Tuesday, August 14, 2018

What's up, Doc?

Astronomical news, of course :-)

Neutrinos are amazing particles. They interact so weakly with more familiar matter that it took decades to decide a neutrino had any mass at all. Aim a beam of neutrinos at a light-year thickness of lead, and half the neutrinos will emerge out the far side.

Our neighborhood neutrino factory -- aka, the Sun -- spits out a torrent of these particles. "Theoretical calculations say that about 65 billion neutrinos pass through every square centimeter region of the Earth's surface every second." (*) So how amazing is it that one neutrino recently made big news?
(*) "Nobel neutrinos

Blazar saddles?
IMO, pretty amazing. Because this extremely high-energy neutrino was correlated to a particular event: a blazar -- aka, an active galactic nucleus -- about four billion light-years (and years) distant. 

This correlation marks the first step toward a third type of observation in the nascent science of multi-modal astronomy. That is, in addition to traditional observations (using, from longest to shortest wavelengths: radio waves, microwaves, infrared, visible light, ultraviolet, X-ray, and/or gamma-ray electromagnetic radiation) and -- for a very few years now -- gravitational-wave observations, we can now foresee combining neutrino observations. In a word: awesome.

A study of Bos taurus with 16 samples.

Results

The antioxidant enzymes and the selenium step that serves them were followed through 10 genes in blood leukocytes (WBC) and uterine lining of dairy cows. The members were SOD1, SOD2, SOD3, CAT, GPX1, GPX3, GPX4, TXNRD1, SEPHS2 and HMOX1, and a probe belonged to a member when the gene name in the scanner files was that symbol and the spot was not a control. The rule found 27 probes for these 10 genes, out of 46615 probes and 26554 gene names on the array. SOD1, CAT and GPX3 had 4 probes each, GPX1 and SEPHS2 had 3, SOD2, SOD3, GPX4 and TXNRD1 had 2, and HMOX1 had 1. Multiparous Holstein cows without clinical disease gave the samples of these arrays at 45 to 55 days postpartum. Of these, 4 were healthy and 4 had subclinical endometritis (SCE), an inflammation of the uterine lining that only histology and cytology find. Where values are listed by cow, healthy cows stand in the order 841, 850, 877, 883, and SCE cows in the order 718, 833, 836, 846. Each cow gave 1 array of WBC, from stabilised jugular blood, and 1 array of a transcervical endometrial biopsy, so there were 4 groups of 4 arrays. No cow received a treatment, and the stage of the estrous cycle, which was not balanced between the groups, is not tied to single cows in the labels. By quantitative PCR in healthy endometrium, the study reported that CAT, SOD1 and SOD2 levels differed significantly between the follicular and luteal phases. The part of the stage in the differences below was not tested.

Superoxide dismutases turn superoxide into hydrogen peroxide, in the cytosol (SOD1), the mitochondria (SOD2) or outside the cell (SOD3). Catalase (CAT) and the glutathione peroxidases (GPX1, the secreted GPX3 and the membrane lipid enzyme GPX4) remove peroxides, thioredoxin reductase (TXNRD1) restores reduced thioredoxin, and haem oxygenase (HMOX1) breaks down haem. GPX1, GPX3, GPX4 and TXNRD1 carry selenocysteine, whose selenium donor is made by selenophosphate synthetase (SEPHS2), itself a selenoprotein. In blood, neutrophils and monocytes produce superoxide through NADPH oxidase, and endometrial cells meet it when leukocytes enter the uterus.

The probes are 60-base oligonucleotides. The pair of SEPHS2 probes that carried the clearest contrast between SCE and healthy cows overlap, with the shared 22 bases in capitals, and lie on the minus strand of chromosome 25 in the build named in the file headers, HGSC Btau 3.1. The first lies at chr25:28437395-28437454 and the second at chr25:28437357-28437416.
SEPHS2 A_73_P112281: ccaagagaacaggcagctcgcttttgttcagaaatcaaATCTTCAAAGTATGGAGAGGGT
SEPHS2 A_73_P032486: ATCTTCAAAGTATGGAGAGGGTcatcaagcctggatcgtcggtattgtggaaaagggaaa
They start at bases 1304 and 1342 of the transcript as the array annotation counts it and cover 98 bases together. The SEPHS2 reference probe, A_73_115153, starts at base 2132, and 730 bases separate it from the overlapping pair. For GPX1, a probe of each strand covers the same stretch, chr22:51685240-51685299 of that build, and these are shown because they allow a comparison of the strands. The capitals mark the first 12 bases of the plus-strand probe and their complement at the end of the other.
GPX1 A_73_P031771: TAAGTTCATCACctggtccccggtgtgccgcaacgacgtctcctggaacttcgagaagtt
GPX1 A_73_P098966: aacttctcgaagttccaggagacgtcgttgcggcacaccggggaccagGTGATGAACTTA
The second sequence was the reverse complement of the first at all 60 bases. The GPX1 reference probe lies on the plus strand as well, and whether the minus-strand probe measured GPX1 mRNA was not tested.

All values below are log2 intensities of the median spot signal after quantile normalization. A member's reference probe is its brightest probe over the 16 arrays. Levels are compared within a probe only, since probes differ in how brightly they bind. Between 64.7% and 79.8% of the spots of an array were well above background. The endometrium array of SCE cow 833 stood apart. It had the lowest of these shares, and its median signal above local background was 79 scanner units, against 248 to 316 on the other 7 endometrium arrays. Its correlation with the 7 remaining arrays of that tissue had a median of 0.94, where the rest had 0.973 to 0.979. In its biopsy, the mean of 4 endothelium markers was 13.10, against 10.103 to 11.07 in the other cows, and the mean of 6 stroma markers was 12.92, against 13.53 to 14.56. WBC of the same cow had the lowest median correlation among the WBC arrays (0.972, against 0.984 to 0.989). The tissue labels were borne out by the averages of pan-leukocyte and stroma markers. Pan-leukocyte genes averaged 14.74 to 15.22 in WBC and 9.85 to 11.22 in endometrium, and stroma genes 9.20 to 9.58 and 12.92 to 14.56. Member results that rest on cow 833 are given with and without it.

For more on this particularly fascinating neutrino detection, see "Why a 4-Billion-Year-Old Particle That Hit Antarctica Is Such a Big Deal."

Tuesday, August 7, 2018

Curioser and curioser

Among the terrific -- and the terrible -- aspects of the web are the many odd articles that one somehow happens upon. Setting aside the disinformation among them, and the ulcer-inducing pieces, and the hoary repetitions, we're left with ... fascinating time sinks. Herewith, several such:

In the beginning?
How did life on Earth begin? There's lots of speculation, and precious little by way of answers. (I'm talking about biology here, not theology.) One theory is that life didn't begin on Earth, but arrived from elsewhere. That's the Panspermia ("all seeds") explanation. What if primitive life drifted to Earth from another star system(s) and, once here, then evolved?  

And almost as speculatively, what if humans could hibernate? What if, to conquer the vastness of the void between stars, humans could be put into -- and revived from -- some kind of suspended animation?

In seeming -- but certainly, incomplete -- support of both these "what ifs," consider: "Siberian Worms Frozen In Permafrost For Up To 42,000 Years Defrosted Back To Life." The ability of any terrestrial life to survive millennia frozen makes both Panspermia and human hibernation seem slightly less impossible.